Back in 2000, with Republicans clinging to a slim Congressional majority, Democrats and Republicans spent a combined $2.6 million in Washington's hotly contested Second Congressional District (Everett, Bellingham, and all points north). This year (with the Republicans still holding an iffy 221-212 majority in the U.S. House of Representatives), three Republicans are battling for the chance to take on incumbent freshman Democrat Rick Larsen in November, hoping national Republicans will once again pour resources into the race.

Democratic Congressional Campaign Committee spokesperson Kim Rubey says her party is "optimistic" about the race. She cited Larsen's committee assignments on Agriculture, Armed Services, and Transportation as big advantages in the Second District. Translation: The Democrats knew Larsen, a self-described "moderate new Democrat," would be facing a tough battle, and did everything they could to take care of him with plum assignments.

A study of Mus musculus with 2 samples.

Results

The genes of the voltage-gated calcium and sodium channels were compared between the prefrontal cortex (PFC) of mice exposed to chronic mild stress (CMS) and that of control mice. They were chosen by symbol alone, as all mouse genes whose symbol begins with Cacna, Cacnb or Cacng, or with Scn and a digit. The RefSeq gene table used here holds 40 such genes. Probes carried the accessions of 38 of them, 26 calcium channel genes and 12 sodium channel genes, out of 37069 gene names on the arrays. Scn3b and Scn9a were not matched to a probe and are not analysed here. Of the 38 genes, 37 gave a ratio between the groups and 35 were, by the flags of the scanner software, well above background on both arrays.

Republicans still believe the Second District seat--which encompasses most of Everett, and includes the San Juan Islands--is up for grabs. One hopeful is Kelly Barlean, a Washington state representative (R-10th) from Langley, who is touting his Air Force Academy service. Barlean has also taken shots at Larsen's record, denouncing Larsen's vote against presidential fast-track trade authority.

The favorite candidate of the Pentagon crowd may be former CIA analyst Herb Meyer. Meyer has been endorsed by former Secretary of Defense Casper "Cap" Weinberger, and got a plug from conservative New York Times columnist William Safire.

Right-wing endorsements notwithstanding, many Republicans believe their strongest candidate is former South Whidbey School Board president Norma Smith, who once worked for State Representative Jack Metcalf, a Republican iconoclast (i.e., against gun control, for campaign finance reform) elected in 1994's GOP sweep.

Larsen is taking nothing for granted. He's already raised over $500,000, more than any of prospective challenges.